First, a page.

Updated: Mar 18



Open source software. It’s free for the taking. At first glance, that sounds like a cost-effective solution for the global health community, which is one that needs to get the most out of each and every dollar. During and after the December 2019 Global Digital Health Forum (GDHF) conference, an active online discussion has been underway revolving around the true value of open source software to the global health community and the search for a sustainable business model. The Global Digital Health Network February 27th meeting will feature Merrick Schaefer of USAID presenting on the Open Source Valuation study, along with colleagues from CommCare, OpenMRS and iHRIS. SystemOne’s perspective as a for-profit software company is offered as a voice in this conversation.

 

  1. FOSS, or Free and Open-Source Software, as it is commonly called, should be renamed for our industry to reflect its true financial reality. The definition of FOSS means freedom to use software without restrictions, but that definition is often confused with zero cost. Software ownership is not free. A system needs maintenance and data. FOSS is free like a puppy at the pound--the dog costs nothing, but then you have years of food and vet bills in order to keep your new pet alive and healthy. The current name misleads procurement managers in ministries who may not be IT savvy and anchors the price low for all of us, setting unrealistic expectations for total cost of ownership.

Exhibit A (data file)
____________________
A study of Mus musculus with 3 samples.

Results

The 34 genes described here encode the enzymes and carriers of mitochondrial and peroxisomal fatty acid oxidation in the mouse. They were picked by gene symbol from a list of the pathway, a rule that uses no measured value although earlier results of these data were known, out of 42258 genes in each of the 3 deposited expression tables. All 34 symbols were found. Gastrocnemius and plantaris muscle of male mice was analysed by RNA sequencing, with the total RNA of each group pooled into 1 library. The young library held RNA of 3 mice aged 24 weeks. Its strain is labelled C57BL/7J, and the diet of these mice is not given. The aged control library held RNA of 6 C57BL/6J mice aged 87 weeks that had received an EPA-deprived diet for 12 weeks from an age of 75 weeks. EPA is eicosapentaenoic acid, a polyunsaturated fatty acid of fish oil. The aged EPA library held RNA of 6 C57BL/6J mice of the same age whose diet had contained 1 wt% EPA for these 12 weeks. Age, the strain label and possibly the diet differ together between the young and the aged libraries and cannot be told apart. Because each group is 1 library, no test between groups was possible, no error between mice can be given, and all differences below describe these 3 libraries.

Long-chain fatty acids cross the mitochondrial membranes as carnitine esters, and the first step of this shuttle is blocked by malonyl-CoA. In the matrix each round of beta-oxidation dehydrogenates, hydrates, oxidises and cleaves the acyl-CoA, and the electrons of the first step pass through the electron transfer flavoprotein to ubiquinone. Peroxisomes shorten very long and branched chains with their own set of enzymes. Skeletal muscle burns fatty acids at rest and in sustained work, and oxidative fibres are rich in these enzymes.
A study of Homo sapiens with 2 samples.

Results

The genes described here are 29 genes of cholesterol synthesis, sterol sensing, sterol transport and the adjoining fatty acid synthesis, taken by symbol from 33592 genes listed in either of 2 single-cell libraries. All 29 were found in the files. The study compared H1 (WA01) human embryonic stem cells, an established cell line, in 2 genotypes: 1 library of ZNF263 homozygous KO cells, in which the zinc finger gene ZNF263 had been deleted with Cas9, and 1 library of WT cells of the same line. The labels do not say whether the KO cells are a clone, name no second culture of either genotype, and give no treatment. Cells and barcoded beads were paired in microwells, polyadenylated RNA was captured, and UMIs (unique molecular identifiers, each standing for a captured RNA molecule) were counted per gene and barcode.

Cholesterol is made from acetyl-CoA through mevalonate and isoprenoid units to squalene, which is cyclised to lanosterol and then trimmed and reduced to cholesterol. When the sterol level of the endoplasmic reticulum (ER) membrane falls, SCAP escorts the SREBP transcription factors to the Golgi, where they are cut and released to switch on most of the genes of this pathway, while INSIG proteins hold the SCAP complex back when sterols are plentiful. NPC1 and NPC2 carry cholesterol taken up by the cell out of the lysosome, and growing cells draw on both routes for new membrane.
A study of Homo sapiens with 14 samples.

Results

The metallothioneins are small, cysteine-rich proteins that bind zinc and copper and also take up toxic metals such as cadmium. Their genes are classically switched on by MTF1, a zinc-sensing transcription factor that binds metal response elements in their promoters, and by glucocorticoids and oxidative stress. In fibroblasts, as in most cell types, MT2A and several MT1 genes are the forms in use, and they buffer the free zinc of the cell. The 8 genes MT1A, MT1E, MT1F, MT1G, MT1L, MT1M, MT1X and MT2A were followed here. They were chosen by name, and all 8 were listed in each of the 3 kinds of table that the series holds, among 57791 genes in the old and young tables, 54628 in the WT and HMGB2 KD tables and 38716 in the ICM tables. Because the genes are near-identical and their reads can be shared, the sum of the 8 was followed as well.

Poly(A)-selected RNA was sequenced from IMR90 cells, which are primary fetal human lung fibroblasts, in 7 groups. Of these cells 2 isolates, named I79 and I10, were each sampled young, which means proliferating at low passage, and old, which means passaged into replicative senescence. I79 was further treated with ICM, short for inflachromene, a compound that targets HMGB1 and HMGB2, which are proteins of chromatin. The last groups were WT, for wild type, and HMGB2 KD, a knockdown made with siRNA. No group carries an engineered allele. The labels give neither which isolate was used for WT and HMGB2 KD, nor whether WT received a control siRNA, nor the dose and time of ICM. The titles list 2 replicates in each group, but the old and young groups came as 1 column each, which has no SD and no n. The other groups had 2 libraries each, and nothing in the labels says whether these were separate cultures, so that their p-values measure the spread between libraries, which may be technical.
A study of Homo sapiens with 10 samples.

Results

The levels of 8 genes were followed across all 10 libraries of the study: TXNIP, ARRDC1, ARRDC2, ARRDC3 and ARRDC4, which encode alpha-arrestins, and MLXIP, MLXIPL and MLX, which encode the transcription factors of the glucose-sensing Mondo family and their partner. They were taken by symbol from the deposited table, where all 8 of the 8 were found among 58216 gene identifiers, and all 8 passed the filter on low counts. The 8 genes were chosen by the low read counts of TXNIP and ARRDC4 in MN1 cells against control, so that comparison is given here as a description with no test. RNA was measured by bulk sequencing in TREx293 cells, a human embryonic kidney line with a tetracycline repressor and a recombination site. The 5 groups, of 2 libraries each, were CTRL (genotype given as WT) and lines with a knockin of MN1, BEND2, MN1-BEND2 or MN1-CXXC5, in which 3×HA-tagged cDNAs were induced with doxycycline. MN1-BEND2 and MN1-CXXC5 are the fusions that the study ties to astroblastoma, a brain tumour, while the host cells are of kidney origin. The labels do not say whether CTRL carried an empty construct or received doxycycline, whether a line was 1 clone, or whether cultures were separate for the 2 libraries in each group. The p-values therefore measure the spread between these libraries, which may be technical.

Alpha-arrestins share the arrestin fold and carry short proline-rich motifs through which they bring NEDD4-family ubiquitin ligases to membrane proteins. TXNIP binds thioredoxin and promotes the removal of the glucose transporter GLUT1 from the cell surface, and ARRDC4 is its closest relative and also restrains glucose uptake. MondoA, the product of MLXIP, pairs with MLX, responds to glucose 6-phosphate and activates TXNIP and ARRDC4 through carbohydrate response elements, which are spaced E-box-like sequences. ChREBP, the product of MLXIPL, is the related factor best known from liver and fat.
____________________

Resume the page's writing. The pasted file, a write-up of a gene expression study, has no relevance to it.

2. The search for a sustainable software model likely lands somewhere between open and closed source solutions - shared source perhaps. While SystemOne controls the code for its products, skilled IT staff in Ministry of Health (MOH) departments manage servers, Tier 1 and 2 support tasks, network and all programmatic management, according to their capacity. SystemOne fills in gaps. Most MOH do not have developers with the necessary time and capacity to manage and develop code for each project’s unique IT health solution needs.

  3. The decision about software selection does not have to be ideological to make good financial sense. Software selection should fit the needs of the user--all of them. Our products, GxAlert and Aspect, are uniquely mapped to users’ connected diagnostic needs and add tremendous value in the fight against infectious diseases such as TB and HIV.

  4. Sustainability is a process. We respect country decision makers, their right to their data, and their desire for ownership. This is an evolving discussion often on a country-by-country basis, one that we welcome at SystemOne. As in the rest of international development, there is promise in the public/private partnership model and we are actively exploring options in this arena.

 

If you are interested in reading more about SystemOne’s approach to the open source software debate, refer to our Open Source Q&A for more information.